There are over 600 Wheelchair Accessible Vehicles (or WAVs for short) available to lease through the Motability Scheme, so there’s a lot of choice for those people looking for a vehicle that they can use with their wheelchair. But with so much variety, how do you choose which WAV is right for you? In this article, we are going to try and help you answer that question by having a closer look at the different types of vehicles on offer.
When you are choosing a new WAV, it is essential to consider several factors: who will be travelling in the WAV, the size and weight of the wheelchair that will be used with it and additional equipment or needs passengers and drivers may have. These are all factors that will point you in the right direction for your new WAV.
From here, there are other matters to think about, such as the size, how you will get in and out of the vehicle, the type of fuel you would like and the type of transmission that suits you best. How the vehicle drives and is operated will be defined by these characteristics and the decisions you make.
WAVs come in a variety of sizes, starting in the small class, with cars like the Citroen Berlingo or Volkswagen Caddy. These vehicles are better for lighter loads and often have tighter points of entry. This makes them the preferred choice for users with light wheelchairs who don’t need to carry too many items with them. It is worth remembering that small WAVs aren’t available with powered lifts and only use ramps.
From here, the size increases to the medium category, which is broken up into two parts: medium-small and medium-large. Examples of cars in this category are the Ford Grand Tourneo Connect and Volkswagen Caddy Maxi Life—longer wheelbase variants of the Ford Tourneo Connect and Volkswagen Caddy. They are medium-small and both feature a greater level of interior space, making it ideal for WAV users who need to carry more items or passengers. A medium-large WAV is the smallest size you need in order to opt for a powered lift instead of a ramp.
Large WAVs, like the Renault Master and Peugeot Boxer, all come with lift access mechanisms. These are the best choice for users with heavier chairs who require more space and larger points of entry. Speaking of entry points, in the large WAVs, passengers with wheelchairs always access the car from the rear, whereas in the medium and small vehicles, access points from the side may be available in some models.
Much of the time, your fuel type is down to personal preference. Diesel engines are often more economical and are better for moving heavier weights, so you will find these engines are the only options in larger WAVs. But smaller vehicles may come with petrol engines, which are often preferable for people covering a lower number of miles.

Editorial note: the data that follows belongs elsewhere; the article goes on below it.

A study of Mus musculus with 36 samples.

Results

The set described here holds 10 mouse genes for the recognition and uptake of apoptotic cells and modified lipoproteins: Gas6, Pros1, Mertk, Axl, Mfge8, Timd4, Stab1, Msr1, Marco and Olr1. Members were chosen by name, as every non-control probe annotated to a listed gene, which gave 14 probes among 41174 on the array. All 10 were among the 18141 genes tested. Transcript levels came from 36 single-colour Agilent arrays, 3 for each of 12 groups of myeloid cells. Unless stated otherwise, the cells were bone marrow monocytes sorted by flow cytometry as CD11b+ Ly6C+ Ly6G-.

There is also one electric-powered WAV available with the Motability Scheme, the Nissan NV200. Electric power is hushed and always feels quicker than you think it will, thanks to the instant pulling power delivered. It is better for users who travel short distances in cities. Sometimes, these vehicles can take a little time to get used to and often come with a higher Advance Payment than other fuel types due to their higher cost as a base vehicle.
Like fuel choices, gearboxes can be a matter of personal preference, but many motorists find modern automatic units to be the most comfortable and relaxing way of driving. Automatics are often more expensive than a manual gearbox and sometimes they can hesitate slightly while they calculate how to deploy the engine power. This is a reason why some drivers still prefer a manual, where they can feel and adjust to a vehicle a little more.
When you are looking for your next new car, whether it is a WAV or otherwise, it is always vital to take a test drive. Indeed, Motability Operations’ WAV and Adaptations Account Manager, Graham Lloyd, says that a planned test drive route is best.
He explained: “Try and emulate a journey you already know well—to the shops, the GP surgery or school run, taking in a variety of road surfaces and speed limits so that you can get a real idea of how it will feel to live day to day with a WAV.”
“If possible, include roundabouts and any hills you may usually pass over so that the wheelchair user can understand whether small changes, such as a rise in their centre of gravity, will still be comfortable.”
Graham added: “Travelling in a wheelchair in a car is very different to a standard car seat, so it is a good chance to get as much appreciation of that as possible before making the decision to change.”
Find your next WAV
You can see the full line-up of WAVs and other cars available on the Motability Scheme by checking out our car search tool.
The Motability Scheme allows you to swap all or part of your mobility allowance for leasing a car, scooter or powered wheelchair. For more information about joining the Scheme, please use our eligibility checker and request a free information pack.